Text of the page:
Rep. Mike Carter, R-Ooltewah, will face his first-ever opponent during his third election bid for the Tennessee House District 29 seat.
Carter and Ethan White will compete in the Republican primary. The winner takes all, since no Democrat candidate is running in the district, which represents much of eastern Hamilton County.
White, 27, a Collegedale city commissioner and Realtor who claims to be the youngest elected official in the county, ended the the second quarter with $1,139 in his campaign coffers, according state financial filings. He raised $14,502 during the same quarter, including $3,500 of his own money.
“I am running for the District 29 seat to bring fresh and innovative ideas to our community and the state Legislature,” White said when he announced his campaign this spring.
White has called for better workforce development and creating “a more fertile job atmosphere” through “redefining the education system” and by “removing 20th century regulations that hold back entrepreneurs and businesses from innovating and creating jobs.”
In a recent editorial board meeting with the Times Free Press, White challenged Carter’s proposed de-annexation proposal, claiming it would prevent cities from growing. That bill follows Carter’s landmark annexation reform legislation, which requires citizens to vote to approve annexation instead of allowing municipalities to bring in new territory just by passing an ordinance.
Carter, 62, an attorney and former Hamilton County General Sessions Court judge, says giving people a vote whether to be brought into a city is doing only what’s right and fair by the state’s residents.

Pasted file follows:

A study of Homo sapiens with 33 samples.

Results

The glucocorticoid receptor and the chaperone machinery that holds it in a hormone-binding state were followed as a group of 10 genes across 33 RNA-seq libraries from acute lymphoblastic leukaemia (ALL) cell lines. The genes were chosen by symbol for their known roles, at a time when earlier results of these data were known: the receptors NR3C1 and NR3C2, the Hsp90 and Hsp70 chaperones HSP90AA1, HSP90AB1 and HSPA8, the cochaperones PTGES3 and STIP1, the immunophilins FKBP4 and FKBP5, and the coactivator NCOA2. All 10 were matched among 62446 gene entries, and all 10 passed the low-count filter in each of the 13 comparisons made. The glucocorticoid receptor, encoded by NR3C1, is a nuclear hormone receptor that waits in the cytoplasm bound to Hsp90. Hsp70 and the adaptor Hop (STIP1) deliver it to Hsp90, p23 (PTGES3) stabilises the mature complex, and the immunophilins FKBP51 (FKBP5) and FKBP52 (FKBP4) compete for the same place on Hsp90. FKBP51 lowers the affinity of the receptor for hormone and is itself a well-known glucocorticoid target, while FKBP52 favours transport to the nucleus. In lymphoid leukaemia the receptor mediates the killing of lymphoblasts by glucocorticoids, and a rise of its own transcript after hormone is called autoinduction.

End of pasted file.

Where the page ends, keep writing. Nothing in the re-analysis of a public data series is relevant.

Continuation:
“We were told it could not be passed,” Carter said in recent phone interview. “It was difficult, but it passed.”
Carter said he also plans to continue the fight to bring broadband services to rural Tennesseans despite the opposition and influence of corporate telecommunication giants such as AT&T and Charter.
In this year’s session he voted to de-fund the University of Tennessee’s Office of Diversity and opposed an attempt to override Gov. Bill Haslam’s veto of legislation naming the Bible as the official state book.
Carter serves as vice-chairman of the Civil Justice Committee and on the Ethics, Finance, and Ways and Means committees.
In addition to four years as a state legislator, Carter cites 18 years of practicing law as part of his overall experience for continuing his role as the District 29 representative.
He also controls way more campaign money than White.
He started the second quarter with $25,290 and raised $49,886, according to his campaign finance report. He spent $19,914 and finished with $55,261.
Carter contributors include Sen. Mike Bell, R-Riceville, outgoing Hamilton County Assessor of Property William Bennett, Chattanooga City Councilman Larry Grohn and Hamilton County Commissioner Sabrena Smedley. He has also received the endorsement of Hamilton County Mayor Jim Coppinger.